Devon

Pair killed by ecstasy at Basshunter Plymouth gig

Aaron Reilly and Joshua Brock Image copyright FAMILY HANDOUT
Image caption Aaron Reilly (left) and Joshua Brock and were found unconscious at the Pryzm nightclub in Plymouth

Two teenagers died with "very high" levels of MDMA in their blood after taking ecstasy at a Basshunter gig.

Aaron Reilly and Joshua Brock, both 19, were rushed to hospital after passing out in a Plymouth nightclub in December.

Plymouth Crown Court heard how tests showed MDMA levels in their blood were "well within the range where death has been attributed to MDMA alone".

Charlie Gregory, 19, of Chagford, Devon, has admitted supplying the drug.

Image caption Charlie Gregory, 19, has been told he faces a "very real prospect" of going into custody


The judge told him he faced a "very real prospect" of going into custody.

Image caption Hundreds of young people had been attending a gig by the Swedish dance artist Basshunter when the pair collapsed

The court heard he bought the drug on the dark web for £56 after he and friends booked tickets for the gig at Pryzm nightclub.

Mr Reilly and Mr Brock were pronounced dead shortly after being taken to hospital after collapsing in the club at about 02:00 GMT on 9 December.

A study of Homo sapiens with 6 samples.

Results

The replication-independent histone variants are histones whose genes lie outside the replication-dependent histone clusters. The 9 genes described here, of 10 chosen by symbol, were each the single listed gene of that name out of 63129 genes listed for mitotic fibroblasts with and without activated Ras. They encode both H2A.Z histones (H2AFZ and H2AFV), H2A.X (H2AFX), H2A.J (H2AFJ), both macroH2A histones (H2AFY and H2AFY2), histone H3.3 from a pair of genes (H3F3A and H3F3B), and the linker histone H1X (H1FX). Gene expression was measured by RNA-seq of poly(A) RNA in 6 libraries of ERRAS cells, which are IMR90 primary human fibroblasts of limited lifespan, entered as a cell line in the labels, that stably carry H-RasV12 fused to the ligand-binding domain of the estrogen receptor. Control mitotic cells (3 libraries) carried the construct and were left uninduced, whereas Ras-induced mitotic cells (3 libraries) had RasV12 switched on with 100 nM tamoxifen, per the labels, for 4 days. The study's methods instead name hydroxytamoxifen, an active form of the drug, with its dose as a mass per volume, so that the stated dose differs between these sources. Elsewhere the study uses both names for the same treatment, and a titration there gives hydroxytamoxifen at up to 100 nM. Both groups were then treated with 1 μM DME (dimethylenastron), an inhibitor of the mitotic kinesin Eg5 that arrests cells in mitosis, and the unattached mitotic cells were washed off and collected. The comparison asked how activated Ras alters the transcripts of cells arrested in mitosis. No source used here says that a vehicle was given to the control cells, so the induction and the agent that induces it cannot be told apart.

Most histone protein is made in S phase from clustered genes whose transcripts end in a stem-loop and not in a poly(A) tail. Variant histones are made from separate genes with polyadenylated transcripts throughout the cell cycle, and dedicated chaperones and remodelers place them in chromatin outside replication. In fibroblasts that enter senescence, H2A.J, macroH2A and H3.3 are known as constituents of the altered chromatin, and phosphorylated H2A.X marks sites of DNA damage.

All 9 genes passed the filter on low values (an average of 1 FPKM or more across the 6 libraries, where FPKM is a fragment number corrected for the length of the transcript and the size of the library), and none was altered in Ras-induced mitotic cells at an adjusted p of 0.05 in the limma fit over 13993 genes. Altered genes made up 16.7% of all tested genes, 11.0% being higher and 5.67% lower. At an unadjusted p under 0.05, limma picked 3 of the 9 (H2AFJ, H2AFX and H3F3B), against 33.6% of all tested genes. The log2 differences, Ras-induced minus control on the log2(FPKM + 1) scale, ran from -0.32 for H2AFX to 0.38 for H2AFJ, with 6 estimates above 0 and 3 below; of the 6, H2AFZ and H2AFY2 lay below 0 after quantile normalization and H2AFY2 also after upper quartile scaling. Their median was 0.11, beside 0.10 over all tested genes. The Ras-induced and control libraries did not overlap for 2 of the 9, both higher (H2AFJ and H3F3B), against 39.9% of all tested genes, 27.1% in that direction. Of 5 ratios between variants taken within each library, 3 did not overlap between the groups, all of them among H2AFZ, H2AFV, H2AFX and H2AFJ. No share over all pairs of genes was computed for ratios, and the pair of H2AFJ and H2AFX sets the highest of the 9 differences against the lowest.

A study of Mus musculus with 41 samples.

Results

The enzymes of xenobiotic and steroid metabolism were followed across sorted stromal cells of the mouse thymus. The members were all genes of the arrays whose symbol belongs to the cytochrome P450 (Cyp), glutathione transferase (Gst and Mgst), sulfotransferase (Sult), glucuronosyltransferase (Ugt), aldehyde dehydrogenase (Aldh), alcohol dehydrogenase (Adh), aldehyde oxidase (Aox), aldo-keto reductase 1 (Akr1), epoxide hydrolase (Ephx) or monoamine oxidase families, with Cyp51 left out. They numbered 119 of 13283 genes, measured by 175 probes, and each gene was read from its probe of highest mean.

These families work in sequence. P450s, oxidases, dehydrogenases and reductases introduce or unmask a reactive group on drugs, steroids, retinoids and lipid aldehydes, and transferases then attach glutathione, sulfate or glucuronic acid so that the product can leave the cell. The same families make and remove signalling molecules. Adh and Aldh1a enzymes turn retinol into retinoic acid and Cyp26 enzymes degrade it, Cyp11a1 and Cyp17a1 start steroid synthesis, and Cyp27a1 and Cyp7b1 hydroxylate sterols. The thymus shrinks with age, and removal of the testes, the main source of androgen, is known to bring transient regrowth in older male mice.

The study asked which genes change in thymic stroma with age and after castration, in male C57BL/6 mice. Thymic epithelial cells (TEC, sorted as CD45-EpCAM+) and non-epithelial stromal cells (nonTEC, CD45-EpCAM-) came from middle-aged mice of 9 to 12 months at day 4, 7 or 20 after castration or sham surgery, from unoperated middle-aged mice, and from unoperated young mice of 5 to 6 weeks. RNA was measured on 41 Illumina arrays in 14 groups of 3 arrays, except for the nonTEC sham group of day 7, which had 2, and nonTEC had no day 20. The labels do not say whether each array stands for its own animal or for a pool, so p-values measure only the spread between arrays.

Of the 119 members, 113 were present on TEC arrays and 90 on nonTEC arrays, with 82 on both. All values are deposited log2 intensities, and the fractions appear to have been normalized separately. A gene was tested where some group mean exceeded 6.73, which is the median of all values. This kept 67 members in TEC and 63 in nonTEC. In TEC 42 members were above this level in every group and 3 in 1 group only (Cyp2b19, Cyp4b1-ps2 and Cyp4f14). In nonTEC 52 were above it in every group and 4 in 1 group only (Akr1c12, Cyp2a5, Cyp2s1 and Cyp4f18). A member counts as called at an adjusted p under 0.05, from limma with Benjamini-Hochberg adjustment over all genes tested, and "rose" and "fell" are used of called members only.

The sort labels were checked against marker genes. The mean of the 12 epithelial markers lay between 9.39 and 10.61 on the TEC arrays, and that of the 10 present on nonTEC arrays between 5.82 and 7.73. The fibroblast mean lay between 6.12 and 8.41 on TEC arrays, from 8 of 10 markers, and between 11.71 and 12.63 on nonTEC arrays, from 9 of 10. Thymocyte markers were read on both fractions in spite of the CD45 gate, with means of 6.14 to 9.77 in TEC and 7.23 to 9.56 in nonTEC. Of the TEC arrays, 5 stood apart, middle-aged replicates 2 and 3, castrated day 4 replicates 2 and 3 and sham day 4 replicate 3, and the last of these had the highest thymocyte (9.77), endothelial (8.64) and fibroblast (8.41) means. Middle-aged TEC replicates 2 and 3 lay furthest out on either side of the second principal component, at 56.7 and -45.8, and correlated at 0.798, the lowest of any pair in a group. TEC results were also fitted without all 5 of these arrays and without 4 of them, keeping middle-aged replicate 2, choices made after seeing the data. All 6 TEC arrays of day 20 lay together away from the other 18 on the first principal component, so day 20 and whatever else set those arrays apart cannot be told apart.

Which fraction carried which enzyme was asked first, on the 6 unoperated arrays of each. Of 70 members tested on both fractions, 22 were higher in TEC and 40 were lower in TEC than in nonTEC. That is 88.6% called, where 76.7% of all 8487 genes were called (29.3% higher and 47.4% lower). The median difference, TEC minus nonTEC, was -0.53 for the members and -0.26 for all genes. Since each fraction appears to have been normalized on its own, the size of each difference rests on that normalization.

Ecstasy & MDMA

  • Ecstasy and MDMA, which forms part of an ecstasy pill, are the most commonly used club drugs
  • MDMA is the base that ecstasy is made from before it is mixed with other chemicals and nasties to form a tablet
  • MDMA is sold as a powder that is snorted or swallowed
  • Different ecstasy tablets contain different amounts of MDMA, and there is no telling how "pure" each tablet is, which can put you at risk

Source: BBC Advice

Image copyright Google
Image caption The two teenagers were taken to the city's Derriford Hospital after collapsing in Pryzm nightclub

Adjourning the case for a probation report, Judge Paul Darlow told Mr Gregory - who faces a sentence of up to three years - that he was making "no promises".

"It is very important that he understands that all options are open and custody remains a very, very real prospect."

Mr Gregory was granted bail to appear before the court for sentence on 22 November.